Remembering Ali

IUS students and faculty share memories of Ali and his career

Muhammad+Ali
Back to Article
Back to Article

Remembering Ali

Muhammad Ali

Muhammad Ali

Daniel Vance

Muhammad Ali

Daniel Vance

Daniel Vance

Muhammad Ali

Les Abbott, Sports Editor

Hang on for a minute...we're trying to find some more stories you might like.


Email This Story






On June 3, 2016 the world said goodbye to one of the most memorable names of the 21st century when Muhammad Ali passed away at the age of 74 in a Scottsdale, Arizona hospital.

Ali, birth name Cassius Clay, was born in Louisville, Kentucky on January 17, 1942. He began boxing when he was 12 years old and trained with a former boxer, Archie Moore. Moore would eventually partner with another trainer, Angelo Dundee in 1960. Dundee would be in Ali’s corner for all but two of his fights.

Ali would ultimately finish his professional career with a record of 56-5 with 37 wins coming by knockout. In the 1960 Olympics in Rome, Ali won the gold medal in the light heavyweight category.

To this day Ali is the only boxer to win the lineal heavyweight title 3 times.

Louisville’s Muhammad Ali Center, opened in 2005, celebrating that record, his legacy and other moments from his career, such as his 7 round TKO of Sonny Liston in the 1963 heavyweight championship and his two unanimous decisions against Joe Frazier.

Despite the many matches Ali took part in over his near thirty year career, one of Ali’s greatest fights took place entirely outside the ring.

In 1966 he converted to the religion of Islam and changed his name from Cassius Clay to Muhammad Ali.

In March of the same year he was chosen in the United States Military draft to participate in the Vietnam War. Ali refused to have anything to do with the war in Vietnam because his religion permitted participating in war unless given permission by Allah. Ali also said he refused to serve as a figure of war for a country that did not grant him equal rights.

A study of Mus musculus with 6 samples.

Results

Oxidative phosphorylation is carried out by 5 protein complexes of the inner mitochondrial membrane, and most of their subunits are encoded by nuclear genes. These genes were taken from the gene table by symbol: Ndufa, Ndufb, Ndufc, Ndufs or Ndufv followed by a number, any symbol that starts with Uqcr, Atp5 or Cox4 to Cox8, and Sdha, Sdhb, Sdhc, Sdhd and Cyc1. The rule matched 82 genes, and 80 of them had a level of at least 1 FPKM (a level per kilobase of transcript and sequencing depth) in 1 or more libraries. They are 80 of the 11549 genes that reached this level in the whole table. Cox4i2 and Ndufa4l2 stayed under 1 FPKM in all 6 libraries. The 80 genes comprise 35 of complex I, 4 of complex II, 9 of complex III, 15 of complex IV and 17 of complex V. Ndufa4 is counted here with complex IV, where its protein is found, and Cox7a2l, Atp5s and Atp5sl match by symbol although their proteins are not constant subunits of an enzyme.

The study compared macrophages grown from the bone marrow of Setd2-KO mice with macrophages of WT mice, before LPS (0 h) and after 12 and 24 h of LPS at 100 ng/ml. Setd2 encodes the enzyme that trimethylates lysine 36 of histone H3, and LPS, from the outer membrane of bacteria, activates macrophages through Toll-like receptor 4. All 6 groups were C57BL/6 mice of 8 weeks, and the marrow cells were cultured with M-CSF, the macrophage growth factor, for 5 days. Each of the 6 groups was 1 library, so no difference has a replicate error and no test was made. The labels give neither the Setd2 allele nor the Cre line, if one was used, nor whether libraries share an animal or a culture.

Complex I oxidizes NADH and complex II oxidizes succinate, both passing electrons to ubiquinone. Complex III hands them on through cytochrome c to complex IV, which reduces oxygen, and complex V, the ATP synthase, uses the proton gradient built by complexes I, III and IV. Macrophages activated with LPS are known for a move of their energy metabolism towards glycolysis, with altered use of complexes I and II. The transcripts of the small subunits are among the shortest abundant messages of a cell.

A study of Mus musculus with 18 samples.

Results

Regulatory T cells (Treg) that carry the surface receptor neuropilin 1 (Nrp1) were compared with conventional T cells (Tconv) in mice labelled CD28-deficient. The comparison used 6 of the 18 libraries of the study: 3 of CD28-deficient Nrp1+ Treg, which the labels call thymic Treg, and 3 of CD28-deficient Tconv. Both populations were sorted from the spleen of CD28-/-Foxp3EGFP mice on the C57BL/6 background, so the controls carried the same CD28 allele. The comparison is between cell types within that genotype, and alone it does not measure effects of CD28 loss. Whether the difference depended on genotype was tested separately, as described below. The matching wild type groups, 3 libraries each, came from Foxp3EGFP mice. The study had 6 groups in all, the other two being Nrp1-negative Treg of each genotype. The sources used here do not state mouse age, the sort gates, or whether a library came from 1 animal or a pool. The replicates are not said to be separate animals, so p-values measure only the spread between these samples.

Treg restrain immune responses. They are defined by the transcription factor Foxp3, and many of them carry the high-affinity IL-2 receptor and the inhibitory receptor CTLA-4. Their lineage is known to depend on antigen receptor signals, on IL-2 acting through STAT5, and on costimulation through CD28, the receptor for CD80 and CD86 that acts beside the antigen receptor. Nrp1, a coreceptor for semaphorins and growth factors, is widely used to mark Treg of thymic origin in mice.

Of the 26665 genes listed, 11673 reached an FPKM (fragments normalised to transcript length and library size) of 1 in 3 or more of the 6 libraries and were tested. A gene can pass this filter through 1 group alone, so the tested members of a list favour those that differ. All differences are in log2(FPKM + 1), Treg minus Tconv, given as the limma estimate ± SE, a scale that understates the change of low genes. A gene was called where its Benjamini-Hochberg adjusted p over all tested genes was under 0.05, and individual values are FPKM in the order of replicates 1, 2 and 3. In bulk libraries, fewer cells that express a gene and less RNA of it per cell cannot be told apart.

“My enemy the white people, not Viet Cong or Chinese or Japanese. You my opposer when I want freedom. You my opposer when I want justice. You my opposer when I want equality,” Ali said at the time. “You want me to go somewhere and fight, but you won’t even stand up for me at home?”

He was sentenced to 5 years in prison for this refusal and stripped of his medals and titles. However, 4 years into his sentence, in the Supreme Court case “Clay vs the US,” the court overturned

Ali’s punishment and set him free.

According to students and faculty here at IU Southeast, the contributions Ali made outside of the ring still remain impactful to this day.

Demetrius Stanton, education junior and a Louisville native, said Ali touched a lot of lives in and out of the Louisville community.

“Not too many people come out of Louisville that are on the big stage,” Stanton said. “He touched a lot of lives. He loved to be involved and help other people.”

Denny Williams, deputy director of athletics, also said he believes Ali’s legacy is cemented in much more than his Boxing career.

“Honestly I don’t think it’s much of his boxing career that I remember him by,” Williams said. “Growing up in Louisville, everybody knew who he was outside of the ring. What he did for the community with the Ali Center and every charity he donated to. He was more than just a boxer. He was a great person.”

Williams also said because of his age he doesn’t have some of the criticisms others do about how Ali handled being selected in the draft.

“When I was old enough to know who he was and what he was about I was in 6th grade and did a speech on him,” Williams said. “And his boxing career was over by that time.”

Williams said what sticks with him is all the good Ali did in his post-boxing career.

“There was a lot of people that he touched,” Williams said. “He wasn’t that celebrity who would shy away from who he is or where he was from. I’m sure there are others that may not respect as much because of the military thing, but it’s all about the man you become and not who you were.”